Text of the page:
Published by self-published on Aug. 18, 2022
Genres: Historical Romance
Format: Kindle or ebook
Miss Sophia Carmichael learned about steelmaking at her father’s knee and, having inherited the major shareholding, sees no reason not to continue exactly as she is—running the steelworks and steadily becoming an expert in steel alloys. When Martin Cynster tracks her down, she has no option but to listen to his offer—until impending disaster on the steelworks floor interrupts.
Consequently, she tries to dismiss Martin, but he’s persistent, and as he has now saved her life, gratitude compels her to hear him out. And day by day, as his understanding of her and the works grows, what he offers grows increasingly tempting, until a merger, both business-wise and personal, is very much on their cards.
But a series of ever-escalating incidents makes it clear someone else has an eye on the steelworks. The quest to learn who and why leads Martin and Sophy into ever greater danger as, layer by layer, they uncover a diabolical scheme that, ultimately, will drain the lifeblood not just from the steelworks but from the city of Sheffield as well.
Pleasant but bland
Ever since Laurens left Avon (or perhaps was dropped? It’s never been made clear), her novels have been OK, but not exceptional. They seem somewhat lackluster, particularly in comparison to her original Cynster series (and of those, particularly the first 8 or 10.) I have continued reading them for old time’s sake, and to revisit well-loved characters. After the last several books, I was almost ready to call it quits, but I can’t seem to let go of the hope that she will return to form, so I bought her latest Cynster Next Generation novel, The Time for Love.
And it was… better than OK, but still not up to her prior standard.
Martin Cynster, youngest son of Vane and Patience (A Rake’s Vow, Cynsters #2) has put off love and marriage for rather a long time in favor of pursuing his business interests. Now in his late 30s, he is in Sheffield, attempting to buy the Carmichael Steelworks. He is unaware that the majority owner, Sophia Carmichael, is a chemical engineer of considerable skill, runing the steelworks and overseeing the development of new alloys herself. (Yes, this is highly unlikely in 1863, but just go with it.)
Martin proves remarkably flexible in his views vis-a-vis a woman’s place—or perhaps it’s not so remarkable, given the plethora of strong-willed, independent woman who have married into or been born into the Cynster family over the years. All of them have found ways to be full partners in their marriages, often despite the protectiveness of their Cynster husbands and/or relatives. At any rate, Martin rapidly reassesses his goal; while he still wants the steelworks, he realizes its worth depends on the woman at the helm… a lady by whom he is instantly captivated. To be honest, I immediately suspected his motives—is it Sophy or the steelworks that he wants most? Thankfully, by the end of the book, it’s clear that Sophy comes first.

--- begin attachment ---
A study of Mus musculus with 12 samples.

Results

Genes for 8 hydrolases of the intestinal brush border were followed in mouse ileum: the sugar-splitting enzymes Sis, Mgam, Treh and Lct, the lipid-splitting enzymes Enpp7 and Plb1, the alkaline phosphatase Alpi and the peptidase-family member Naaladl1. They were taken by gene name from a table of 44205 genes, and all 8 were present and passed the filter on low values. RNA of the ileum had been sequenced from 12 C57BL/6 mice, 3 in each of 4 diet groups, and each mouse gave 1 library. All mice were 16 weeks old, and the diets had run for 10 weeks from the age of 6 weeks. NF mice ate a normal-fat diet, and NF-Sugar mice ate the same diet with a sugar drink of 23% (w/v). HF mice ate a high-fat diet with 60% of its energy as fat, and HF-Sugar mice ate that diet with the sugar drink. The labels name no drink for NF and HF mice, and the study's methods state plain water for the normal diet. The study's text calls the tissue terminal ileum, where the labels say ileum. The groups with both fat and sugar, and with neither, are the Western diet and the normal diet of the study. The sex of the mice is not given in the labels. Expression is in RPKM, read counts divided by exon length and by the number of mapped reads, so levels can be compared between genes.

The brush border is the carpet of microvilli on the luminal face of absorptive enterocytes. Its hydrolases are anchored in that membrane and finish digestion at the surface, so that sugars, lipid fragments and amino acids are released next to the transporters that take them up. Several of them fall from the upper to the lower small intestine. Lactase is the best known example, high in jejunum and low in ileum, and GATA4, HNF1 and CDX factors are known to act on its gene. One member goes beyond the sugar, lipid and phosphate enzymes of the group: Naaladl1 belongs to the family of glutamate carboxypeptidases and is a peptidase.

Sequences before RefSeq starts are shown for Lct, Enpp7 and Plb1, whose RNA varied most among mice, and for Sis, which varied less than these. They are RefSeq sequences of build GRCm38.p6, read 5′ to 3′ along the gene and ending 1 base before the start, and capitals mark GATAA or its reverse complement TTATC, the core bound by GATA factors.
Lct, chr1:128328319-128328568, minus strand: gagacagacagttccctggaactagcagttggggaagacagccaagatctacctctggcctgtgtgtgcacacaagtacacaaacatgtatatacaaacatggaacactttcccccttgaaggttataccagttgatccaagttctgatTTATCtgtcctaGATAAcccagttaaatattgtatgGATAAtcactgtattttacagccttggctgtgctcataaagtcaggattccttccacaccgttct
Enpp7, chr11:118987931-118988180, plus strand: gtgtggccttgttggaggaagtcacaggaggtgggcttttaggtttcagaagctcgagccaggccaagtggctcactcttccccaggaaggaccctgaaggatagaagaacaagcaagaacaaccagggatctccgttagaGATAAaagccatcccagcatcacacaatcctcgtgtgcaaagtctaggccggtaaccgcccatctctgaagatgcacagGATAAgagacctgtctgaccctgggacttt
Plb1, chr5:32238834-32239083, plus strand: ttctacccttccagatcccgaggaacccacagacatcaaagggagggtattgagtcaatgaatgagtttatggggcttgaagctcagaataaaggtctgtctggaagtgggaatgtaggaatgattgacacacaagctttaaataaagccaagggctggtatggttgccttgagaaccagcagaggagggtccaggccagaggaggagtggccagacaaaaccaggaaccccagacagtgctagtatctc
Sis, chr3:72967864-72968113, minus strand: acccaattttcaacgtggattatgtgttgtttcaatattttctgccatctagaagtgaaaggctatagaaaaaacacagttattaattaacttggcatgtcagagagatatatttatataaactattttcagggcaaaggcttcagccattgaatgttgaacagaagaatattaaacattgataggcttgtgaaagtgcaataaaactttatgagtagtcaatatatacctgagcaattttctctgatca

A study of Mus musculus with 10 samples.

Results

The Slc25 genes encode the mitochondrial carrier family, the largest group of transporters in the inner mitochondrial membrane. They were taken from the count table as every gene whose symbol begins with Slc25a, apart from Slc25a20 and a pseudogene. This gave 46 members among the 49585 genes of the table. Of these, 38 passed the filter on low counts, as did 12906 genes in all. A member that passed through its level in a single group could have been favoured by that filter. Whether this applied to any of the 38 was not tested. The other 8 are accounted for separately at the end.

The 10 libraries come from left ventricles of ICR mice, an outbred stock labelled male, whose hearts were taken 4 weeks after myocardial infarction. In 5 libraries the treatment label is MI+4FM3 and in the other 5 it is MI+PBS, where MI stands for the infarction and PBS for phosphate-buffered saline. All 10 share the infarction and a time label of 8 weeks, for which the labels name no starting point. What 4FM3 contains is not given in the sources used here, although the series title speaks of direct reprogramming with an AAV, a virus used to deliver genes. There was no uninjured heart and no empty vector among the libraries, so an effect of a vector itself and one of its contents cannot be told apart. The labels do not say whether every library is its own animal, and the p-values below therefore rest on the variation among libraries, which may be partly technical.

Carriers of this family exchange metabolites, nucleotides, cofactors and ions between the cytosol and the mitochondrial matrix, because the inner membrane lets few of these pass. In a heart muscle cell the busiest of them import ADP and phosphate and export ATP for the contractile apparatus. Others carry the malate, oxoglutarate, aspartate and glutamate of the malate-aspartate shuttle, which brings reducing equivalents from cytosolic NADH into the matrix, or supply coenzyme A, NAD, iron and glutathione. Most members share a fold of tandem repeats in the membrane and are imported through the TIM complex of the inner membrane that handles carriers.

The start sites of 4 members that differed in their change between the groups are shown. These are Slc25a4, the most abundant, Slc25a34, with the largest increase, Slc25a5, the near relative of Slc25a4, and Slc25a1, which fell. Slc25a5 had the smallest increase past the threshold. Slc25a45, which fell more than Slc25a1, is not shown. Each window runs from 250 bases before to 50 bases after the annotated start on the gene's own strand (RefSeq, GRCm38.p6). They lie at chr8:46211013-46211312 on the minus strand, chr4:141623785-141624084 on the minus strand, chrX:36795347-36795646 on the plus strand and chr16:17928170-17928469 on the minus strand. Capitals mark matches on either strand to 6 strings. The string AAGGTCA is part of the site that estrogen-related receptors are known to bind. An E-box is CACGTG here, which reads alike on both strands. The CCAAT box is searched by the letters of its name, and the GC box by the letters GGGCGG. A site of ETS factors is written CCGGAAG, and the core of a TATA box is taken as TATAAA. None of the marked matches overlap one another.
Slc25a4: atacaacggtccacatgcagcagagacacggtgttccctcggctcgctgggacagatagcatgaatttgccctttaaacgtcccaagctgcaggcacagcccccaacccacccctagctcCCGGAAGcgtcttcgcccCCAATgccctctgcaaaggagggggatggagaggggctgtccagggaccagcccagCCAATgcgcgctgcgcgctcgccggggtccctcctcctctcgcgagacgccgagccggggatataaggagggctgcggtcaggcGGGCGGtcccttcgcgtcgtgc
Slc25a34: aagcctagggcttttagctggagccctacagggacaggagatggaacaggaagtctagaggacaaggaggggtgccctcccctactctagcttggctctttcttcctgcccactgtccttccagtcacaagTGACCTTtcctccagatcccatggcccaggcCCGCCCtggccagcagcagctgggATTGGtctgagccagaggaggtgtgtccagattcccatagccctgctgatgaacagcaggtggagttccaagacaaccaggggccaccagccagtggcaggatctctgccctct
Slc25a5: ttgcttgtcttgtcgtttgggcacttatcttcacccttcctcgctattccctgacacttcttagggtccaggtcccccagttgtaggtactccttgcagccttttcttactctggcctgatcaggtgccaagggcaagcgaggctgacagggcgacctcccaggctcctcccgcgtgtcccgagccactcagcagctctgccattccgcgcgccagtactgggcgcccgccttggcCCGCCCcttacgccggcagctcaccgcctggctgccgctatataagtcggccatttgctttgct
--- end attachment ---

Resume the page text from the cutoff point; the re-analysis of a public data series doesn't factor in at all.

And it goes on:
But of course, it’s not all smooth sailing. A series of “accidents” has plagued Carmichael Steelworks in recent months, and Martin arrives in time to see one and save Sophy from another. The novel proceeds as a fairly typical Laurens-style mystery-romance, with a range of suspects: a business rival of Martin’s; the heads of such organized crime as exists in Sheffield; a mysterious stranger seen talking with Sophy’s prig of a cousin, Edward; and either or both of Sophy’s cousins (and fellow shareholders.)
Despite the accidents and even a kidnapping, the tension overall felt muted. I’m not sure how much of that was due to the writing and how much to the fact that it’s a romance, so I knew basically where things were headed, but some is undoubtedly the fault of the writing. If Laurens’s earlier books can maintain the tension even on subsequent rereads, while this one struggles to achieve a similar level of tension even on the first reading, it’s got to be something in the writing and/or pacing. The revelation of the villain and the pair’s confrontation with him ultimately fell flat, and (spoiler alert!) I found his apparent about-face in the epilogue completely unbelievable.
That said, Martin and Sophy (particularly Sophy) are likeable enough as characters, and the historical details about Sheffield’s steel industry are interesting (though I can’t vouch for their accuracy, since that’s neither a field nor an era in which I can claim much expertise.) I enjoyed the book while I was reading it, but I can’t say that it will stay with me in any lasting way. Call it the bookish equivalent of a sugar cookie: sweet (although there is one steamy scene), pleasant, but rather bland.
Reading this book contributed to these challenges:
- COYER Upside-Down 2023: Chapter 1
Too bad it’s a bit bland. It sure has a good premise.
I haven’t read Laurens in years and I think it was because I found the last couple of books I read by her on the meh side.
That pretty much describes her recent output, yes. I wonder if she is a writer who benefitted from good structural editing, and may not be getting it now that she is self-publishing.